The Washington Post logoThe Washington Post 11/30/2017 Eugene Scott
a man wearing a suit and tie: Rep. John Conyers Jr. attends a news conference on Capitol Hill in February. (AP) © Provided by WP Company LLC d/b/a The Washington Post Rep. John Conyers Jr. attends a news conference on Capitol Hill in February. (AP)

The racial dynamics of the sexual harassment allegations against Congress' longest-serving member are causing division within the Democratic Party.

Rep. John Conyers Jr.  (D-Mich.) has been accused of mistreating female aides for more than two decades, including making sexual advances, inappropriate touching and verbal abuse. Conyers has defiantly denied wrongdoing and has no plans to resign or retire from the House.

After an accuser detailed her experience on “Today” on Thursday, House Minority Leader Nancy Pelosi (D-Calif.) and other Democratic leaders called for Conyers to resign.

Some have noted that the response to Conyers, who many consider a civil rights icon, seem harsher than how party leaders have responded to other Democrats facing allegations.


Conyers's district is predominantly black and includes large portions of Detroit. Franken, who has been accused of sexual misconduct by at least five women, represents constituents in Minnesota who are overwhelmingly white.

Conyers is somewhat of a legend in black political circles, having employed Rosa Parks and as a founding member of the Congressional Black Caucus.

On Tuesday, Rep. Cedric L. Richmond (D-La.), the CBC chair, called for the need for equal treatment across the board:

“The Congressional Black Caucus calls on Congress to treat all members who have been accused of sexual harassment, sexual assault, and other crimes with parity, and we call on Congress and the public to afford members with due process as these very serious allegations are investigated.”

A New York Times Magazine writer reported Wednesday that House Assistant Democratic Leader James E. Clyburn (D-S.C.) compared Conyers's accusers to the convicted murderer Susan Smith, a white woman who initially claimed that a black man had abducted her kids before she was convicted of drowning her two sons.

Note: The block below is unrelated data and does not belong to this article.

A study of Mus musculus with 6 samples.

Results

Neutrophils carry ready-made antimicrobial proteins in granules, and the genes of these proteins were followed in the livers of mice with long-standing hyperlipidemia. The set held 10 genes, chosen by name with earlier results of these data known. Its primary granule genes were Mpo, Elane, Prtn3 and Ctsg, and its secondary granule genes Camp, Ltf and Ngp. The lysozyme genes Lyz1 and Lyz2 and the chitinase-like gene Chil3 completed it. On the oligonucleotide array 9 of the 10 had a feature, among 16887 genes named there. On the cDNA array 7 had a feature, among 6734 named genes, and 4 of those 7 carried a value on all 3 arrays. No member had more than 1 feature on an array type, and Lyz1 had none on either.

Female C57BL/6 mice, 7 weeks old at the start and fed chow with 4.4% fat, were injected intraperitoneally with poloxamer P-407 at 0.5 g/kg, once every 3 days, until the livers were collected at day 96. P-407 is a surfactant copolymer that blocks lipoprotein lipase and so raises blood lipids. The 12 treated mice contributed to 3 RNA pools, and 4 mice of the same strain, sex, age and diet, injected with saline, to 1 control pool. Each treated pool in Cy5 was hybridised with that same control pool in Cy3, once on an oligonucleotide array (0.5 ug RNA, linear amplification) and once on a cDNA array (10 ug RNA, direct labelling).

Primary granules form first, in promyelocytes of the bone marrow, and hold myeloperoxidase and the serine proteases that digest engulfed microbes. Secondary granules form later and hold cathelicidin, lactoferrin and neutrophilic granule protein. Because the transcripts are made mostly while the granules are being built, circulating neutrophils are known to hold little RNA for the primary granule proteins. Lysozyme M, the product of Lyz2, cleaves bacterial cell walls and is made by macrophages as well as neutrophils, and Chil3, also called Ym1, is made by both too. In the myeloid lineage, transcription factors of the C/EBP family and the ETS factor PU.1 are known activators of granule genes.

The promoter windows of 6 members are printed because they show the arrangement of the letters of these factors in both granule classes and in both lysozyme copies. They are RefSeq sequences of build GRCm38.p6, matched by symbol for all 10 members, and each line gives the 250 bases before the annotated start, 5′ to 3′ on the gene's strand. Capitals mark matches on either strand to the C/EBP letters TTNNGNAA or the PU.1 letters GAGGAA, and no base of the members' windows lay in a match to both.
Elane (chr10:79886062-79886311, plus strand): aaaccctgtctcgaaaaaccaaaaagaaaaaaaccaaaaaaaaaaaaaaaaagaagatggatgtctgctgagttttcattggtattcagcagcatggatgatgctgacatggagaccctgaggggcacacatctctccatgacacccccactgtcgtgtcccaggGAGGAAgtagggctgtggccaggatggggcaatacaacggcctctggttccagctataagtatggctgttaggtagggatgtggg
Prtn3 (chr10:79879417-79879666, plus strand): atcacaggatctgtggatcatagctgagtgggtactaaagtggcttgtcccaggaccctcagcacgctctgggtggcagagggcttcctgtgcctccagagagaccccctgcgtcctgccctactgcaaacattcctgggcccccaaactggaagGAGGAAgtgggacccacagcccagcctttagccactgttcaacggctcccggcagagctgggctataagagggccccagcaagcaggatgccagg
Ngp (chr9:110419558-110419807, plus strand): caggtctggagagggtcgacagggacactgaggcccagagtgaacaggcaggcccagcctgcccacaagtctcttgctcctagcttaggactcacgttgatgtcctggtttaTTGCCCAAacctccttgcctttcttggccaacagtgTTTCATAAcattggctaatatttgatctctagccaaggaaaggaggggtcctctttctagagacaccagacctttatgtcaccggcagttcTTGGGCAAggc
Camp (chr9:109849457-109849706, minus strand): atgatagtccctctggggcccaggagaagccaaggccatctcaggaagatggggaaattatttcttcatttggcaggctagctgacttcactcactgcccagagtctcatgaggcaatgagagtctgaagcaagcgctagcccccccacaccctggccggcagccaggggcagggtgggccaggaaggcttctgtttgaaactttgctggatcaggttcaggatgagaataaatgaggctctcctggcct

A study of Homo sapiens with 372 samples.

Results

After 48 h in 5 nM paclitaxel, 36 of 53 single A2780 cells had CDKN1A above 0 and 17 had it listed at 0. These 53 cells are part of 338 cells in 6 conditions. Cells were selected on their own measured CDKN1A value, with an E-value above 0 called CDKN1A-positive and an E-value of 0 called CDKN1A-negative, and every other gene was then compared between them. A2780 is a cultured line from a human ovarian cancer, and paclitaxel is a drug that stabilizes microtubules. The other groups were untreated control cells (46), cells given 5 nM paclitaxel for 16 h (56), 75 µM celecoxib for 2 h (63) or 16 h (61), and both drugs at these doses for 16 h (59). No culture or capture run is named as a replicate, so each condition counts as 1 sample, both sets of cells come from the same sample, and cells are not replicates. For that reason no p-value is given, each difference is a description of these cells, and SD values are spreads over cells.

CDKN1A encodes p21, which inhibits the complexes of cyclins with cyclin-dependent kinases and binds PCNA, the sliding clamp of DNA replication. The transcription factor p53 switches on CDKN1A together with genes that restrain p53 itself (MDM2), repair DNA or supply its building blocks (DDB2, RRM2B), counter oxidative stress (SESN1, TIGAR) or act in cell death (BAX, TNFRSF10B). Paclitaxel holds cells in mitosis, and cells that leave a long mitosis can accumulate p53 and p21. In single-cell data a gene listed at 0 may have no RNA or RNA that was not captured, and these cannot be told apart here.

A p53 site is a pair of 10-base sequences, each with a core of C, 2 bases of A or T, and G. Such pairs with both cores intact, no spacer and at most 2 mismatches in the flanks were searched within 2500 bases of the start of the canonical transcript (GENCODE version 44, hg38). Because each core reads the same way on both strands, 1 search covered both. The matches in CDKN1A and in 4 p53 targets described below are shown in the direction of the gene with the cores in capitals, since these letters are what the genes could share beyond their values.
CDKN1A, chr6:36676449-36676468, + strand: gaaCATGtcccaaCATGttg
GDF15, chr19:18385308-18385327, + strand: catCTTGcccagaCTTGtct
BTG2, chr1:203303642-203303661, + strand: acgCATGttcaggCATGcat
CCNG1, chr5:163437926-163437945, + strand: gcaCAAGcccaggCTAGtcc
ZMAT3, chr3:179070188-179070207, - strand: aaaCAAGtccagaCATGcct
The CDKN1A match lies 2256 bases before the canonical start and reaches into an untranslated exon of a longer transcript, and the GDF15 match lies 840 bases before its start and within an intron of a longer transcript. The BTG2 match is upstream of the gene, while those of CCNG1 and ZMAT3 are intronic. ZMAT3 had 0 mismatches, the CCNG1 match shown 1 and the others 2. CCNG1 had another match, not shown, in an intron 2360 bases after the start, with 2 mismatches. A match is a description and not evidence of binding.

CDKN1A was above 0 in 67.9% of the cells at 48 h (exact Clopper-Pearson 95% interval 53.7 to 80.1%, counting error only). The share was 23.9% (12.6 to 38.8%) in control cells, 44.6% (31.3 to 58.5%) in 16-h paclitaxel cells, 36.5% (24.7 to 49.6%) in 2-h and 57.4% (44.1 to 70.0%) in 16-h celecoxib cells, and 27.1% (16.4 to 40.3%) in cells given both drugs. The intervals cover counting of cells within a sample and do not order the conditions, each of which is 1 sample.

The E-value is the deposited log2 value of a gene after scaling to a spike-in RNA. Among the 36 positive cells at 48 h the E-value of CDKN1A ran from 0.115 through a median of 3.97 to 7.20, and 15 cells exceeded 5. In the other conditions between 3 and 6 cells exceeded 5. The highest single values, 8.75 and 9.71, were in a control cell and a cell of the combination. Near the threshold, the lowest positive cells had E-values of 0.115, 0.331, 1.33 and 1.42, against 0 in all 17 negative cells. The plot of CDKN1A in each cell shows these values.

But the CBC disputed the reporting, tweeting that it's not accurate.

While Conyers is respected for his role in the civil rights movement, other CBC members said their response to Conyers is not “a civil rights thing,” but instead about making sure that people know that sexual harassment and assault in Congress goes beyond one prominent black lawmaker.

Rep. Gwen Moore (D-Wis.), who is a rape survivor, told NPR's David Greene on Wednesday:

“I wouldn’t be shocked or stunned if there were 100 men on both sides of the aisle on both chambers who are accused of this behavior. Sexual predation is pervasive not only in Congress but in our society. This is a social problem that has bubbled up at this time. So for you to characterize this as some sort of Congressional Black Caucus problem, I take offense to that.”

While some CBC members may want to draw attention to how black lawmakers facing sexual misconduct allegations are treated differently — particularly when the accusers are white — some may ultimately join their party leadership in concluding that it would be in everyone's best interest if Conyers resigned.

On Thursday, Clyburn — a longtime friend of the Michigan lawmaker — was one of those people. He told The Post's Mike DeBonis that just like Conyers stepped down as the ranking Democrat on the House Judiciary Committee, the Michigan lawmaker should step down from Congress.

“He voluntarily stepped aside so we didn't have to do anything. And so all I've said is that I think that he should do the same for his constituents that he did for his colleagues,” Clyburn said.

“He's a friend, and I'm not going to ever step away from a friend because he made a mistake,” the South Carolina lawmaker added. “Even if he made more than one. So my friendship with him, I maintain. And you're always disappointed when your friends have this kind of luck. That doesn't mean you don't stand by them.”